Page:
Published Last updated This article is more than 2 years old.

Good morning Quartz readers!

What to watch for today:

Will they solve Greece at last? As of this writing, there was still no progress in the third round of talks in a matter of weeks between euro-zone finance ministers, the International Monetary Fund and European Central Bank officials to hash out their differences on Greece’s bailout program and unlock aid worth up to €44 billion. The talks are focused on the IMF’s attempts to hold European leaders to Greece’s debt reduction timeline, with the IMF calling for some of Greece’s debt burden to be pardoned or mitigated, which for EU governments (Germany’s especially) is, so far, out of the question.

Will China’s yuan keep rising? After it approached a 19-year high yesterday—a record it has already breached several times this year—global investors are watching China’s appreciating currency. The yuan has tested its state-imposed upper bound 18 times in the last 20 days.

Was the UK’s third-quarter growth boost a mirage? The UK is set to release revised GDP figures for the third quarter of 2012 today; while initial results suggested a pace-setting 1% increase in production, analysts expect the number to be revised down to account for weaker reports in construction and manufacturing.

Can the housing sector continue to be a bright spot in the US? We’ll find out when September’s Case/Schiller Housing Price indices are released this morning.

Was Yasser Arafat murdered? The remains of the iconic Palestinian leader, who died in 2004, are being exhumed today for testing in an attempt to put paid to rumors that he was poisoned with radioactive polonium.

While you were sleeping:

Canada’s top central banker to lead the Bank of England. Harvesting talent from its Commonwealth, the United Kingdom tapped Mark Carney, the governor of the Bank of Canada, to bring his reformist impulses to Threadneedle Street in June 2013. Here’s a full profile of Carney, Euromoney’s Central Banker of the Year.

France vs. ArcelorMittal. When the steel giant announced plans to close down two plants in Florange, citing decreasing demand for its products in economically troubled Europe, France’s Minister of Industrial Renewal blasted the company as unpatriotic for failing to take France’s industrial renewal into account. That argument probably won’t bring back the plants, though, until France makes a patriotism tax deductible for businesses.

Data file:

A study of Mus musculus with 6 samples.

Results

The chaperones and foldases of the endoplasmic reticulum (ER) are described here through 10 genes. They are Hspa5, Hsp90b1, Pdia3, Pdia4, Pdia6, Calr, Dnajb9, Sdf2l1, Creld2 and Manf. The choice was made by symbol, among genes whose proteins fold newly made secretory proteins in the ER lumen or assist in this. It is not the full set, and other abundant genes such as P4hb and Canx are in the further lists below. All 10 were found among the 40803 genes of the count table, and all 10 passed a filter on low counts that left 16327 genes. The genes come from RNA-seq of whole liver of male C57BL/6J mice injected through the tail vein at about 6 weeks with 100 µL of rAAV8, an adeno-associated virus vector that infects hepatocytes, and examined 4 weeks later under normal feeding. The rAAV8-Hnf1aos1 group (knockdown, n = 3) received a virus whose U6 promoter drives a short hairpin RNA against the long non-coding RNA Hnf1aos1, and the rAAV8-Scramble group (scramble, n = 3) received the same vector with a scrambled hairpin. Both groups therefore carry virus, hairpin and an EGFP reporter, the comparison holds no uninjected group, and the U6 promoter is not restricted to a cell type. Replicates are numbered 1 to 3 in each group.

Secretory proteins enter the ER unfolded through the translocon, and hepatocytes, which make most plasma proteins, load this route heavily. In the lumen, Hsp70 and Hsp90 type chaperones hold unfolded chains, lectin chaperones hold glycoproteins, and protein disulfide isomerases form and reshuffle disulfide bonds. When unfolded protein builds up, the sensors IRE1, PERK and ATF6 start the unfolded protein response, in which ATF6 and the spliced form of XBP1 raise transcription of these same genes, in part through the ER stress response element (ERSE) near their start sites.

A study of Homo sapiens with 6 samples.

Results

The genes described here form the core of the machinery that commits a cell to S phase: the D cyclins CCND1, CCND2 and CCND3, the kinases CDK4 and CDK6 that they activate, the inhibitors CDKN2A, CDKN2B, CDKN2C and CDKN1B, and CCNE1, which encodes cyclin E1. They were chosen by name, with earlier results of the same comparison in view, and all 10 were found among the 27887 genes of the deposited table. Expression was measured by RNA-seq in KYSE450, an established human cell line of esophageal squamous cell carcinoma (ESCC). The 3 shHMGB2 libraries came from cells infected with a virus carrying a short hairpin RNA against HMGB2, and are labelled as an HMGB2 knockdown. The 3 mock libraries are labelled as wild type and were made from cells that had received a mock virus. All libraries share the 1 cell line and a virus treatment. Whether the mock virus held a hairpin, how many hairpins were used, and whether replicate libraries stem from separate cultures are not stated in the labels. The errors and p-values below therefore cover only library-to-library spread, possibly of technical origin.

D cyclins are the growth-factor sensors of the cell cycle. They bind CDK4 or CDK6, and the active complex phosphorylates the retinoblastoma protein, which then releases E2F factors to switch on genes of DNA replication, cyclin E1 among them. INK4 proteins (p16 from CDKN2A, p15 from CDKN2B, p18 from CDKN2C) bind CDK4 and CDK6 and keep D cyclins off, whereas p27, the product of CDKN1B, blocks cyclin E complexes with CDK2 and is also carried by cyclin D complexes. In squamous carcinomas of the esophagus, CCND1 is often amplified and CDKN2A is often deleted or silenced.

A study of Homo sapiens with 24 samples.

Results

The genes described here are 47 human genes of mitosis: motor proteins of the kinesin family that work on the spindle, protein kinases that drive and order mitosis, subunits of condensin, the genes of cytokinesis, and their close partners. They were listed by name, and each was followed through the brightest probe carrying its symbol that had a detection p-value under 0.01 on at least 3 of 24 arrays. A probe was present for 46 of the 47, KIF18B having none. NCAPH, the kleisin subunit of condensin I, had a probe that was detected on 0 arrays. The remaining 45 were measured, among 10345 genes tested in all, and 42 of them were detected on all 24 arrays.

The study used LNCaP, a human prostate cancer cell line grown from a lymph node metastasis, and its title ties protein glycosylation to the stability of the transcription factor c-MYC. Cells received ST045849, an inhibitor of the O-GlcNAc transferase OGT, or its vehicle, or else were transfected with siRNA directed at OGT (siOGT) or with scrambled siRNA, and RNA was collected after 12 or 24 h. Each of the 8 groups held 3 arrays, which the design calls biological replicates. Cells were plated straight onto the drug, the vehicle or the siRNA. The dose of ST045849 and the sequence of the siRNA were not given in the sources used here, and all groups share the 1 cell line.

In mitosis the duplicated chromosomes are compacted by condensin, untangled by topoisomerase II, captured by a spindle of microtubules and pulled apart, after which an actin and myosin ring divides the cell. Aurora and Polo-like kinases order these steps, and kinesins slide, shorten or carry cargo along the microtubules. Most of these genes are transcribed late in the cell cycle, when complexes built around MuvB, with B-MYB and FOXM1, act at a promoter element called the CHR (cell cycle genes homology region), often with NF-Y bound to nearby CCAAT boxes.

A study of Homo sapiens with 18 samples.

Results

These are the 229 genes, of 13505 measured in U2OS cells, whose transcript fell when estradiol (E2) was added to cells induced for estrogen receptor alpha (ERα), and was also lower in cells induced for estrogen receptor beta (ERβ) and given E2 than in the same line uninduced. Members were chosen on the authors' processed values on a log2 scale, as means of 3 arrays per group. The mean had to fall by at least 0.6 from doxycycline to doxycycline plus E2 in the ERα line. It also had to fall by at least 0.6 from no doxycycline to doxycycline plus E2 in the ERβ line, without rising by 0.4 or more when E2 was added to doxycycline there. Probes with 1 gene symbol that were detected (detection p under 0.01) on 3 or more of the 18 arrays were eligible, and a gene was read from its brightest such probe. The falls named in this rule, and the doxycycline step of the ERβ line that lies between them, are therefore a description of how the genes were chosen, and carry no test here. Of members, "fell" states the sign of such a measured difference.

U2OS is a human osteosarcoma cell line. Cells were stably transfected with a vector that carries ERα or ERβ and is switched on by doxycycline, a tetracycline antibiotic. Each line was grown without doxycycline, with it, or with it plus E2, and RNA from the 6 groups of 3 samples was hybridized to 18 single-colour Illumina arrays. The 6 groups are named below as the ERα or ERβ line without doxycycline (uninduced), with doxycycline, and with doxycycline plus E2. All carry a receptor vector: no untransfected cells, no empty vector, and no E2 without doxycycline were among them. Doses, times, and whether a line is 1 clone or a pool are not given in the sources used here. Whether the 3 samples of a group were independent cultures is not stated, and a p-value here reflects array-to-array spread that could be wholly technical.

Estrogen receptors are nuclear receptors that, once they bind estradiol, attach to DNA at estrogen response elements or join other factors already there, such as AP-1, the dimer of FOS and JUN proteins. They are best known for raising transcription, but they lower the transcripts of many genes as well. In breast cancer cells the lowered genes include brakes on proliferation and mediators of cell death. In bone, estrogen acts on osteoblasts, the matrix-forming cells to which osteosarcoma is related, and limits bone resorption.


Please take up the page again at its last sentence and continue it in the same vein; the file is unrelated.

Egypt’s president is said to reach an accord with judges. After his sweeping assumption of executive power was rejected by Egypt’s judiciary and members of his own party, President Mohammed Morsi compromised with critics to allow judges to review his decisions while preserving a constitutional council working to design a permanent government for the country.

The top securities regulator in the US steps down. After nearly four years of service, Securities and Exchange Commission chair Mary Schapiro, who had told colleagues for a while that she was “exhausted,” announced her retirement; President Obama said he would move to replace her with SEC Commissioner Elisse Walters on an interim basis.

Climate-change talks started in one of the world’s most hostile climates. The two-week conference in already-hot Qatar is returning to old patterns of division between rich and poor countries seeking to blunt the impact of global warming, as the EU and the US resist emissions caps that don’t include emerging markets.

Quartz obsession interlude:

Christopher Mims on weird retail in our mobile future: “The sheer variety of opportunities for buying things means the future of retail will be a hybrid between showrooms, virtual stores and traditional stores tricked out with a variety of novel ways to pay. The question is, which retailers will do best in each of these modes, or some combination of them. It’s not hard to imagine that, having saturated the online market, some online retailers will eventually have to create physical showrooms of their own. Shrunken, more-specialized, more boutique-like successors to Best Buy, carrying mostly products not available from other retailers, could be juxtaposed in the world’s strip malls and urban shopping arcades with showrooms that carry no inventory beyond display models.” Read more here.

Matters of debate:

Five quick fixes to grow China’s economy. But only if they can overcome entrenched political interests.

Should a $2.3 billion UBS loss be blamed on outsourcing to India? After the Swiss bank outsourced compliance to an Indian company, regulators found that UBS missed early warnings that might have allowed it to catch a so-called “rogue trader.”

Are banks and states engaged in a dance to death? A symbiotic relationship that could end poorly for everyone.

The US doesn’t have fiscal problems. Just fiscal scolds.

The problem with outdated trade statistics. Think that iPhone was made in China? Think again.

Surprising discoveries:

How to undiscover an island. Scientists seek to rid the world’s maps of a non-existent Pacific landmass.

Finally, PSY’s “Gangnam Style” is the most watched video on YouTube. Justin Bieber who?

By 2018, the US will import more goods from Mexico than from China. It turns out that we haven’t entirely eliminated the distance problem in the supply-chain equation.

American holiday shoppers have nothing on China’s online buyers. While US retailers celebrated a $1 billion online take from holiday sales on Black Friday, China’s “Singles Day” earlier this month brought in $4.84 billion.

Best wishes from Quartz for a productive day. Please send any news, queries, feedback, and coordinates for undiscovered islands to  or hit “Reply” to this email.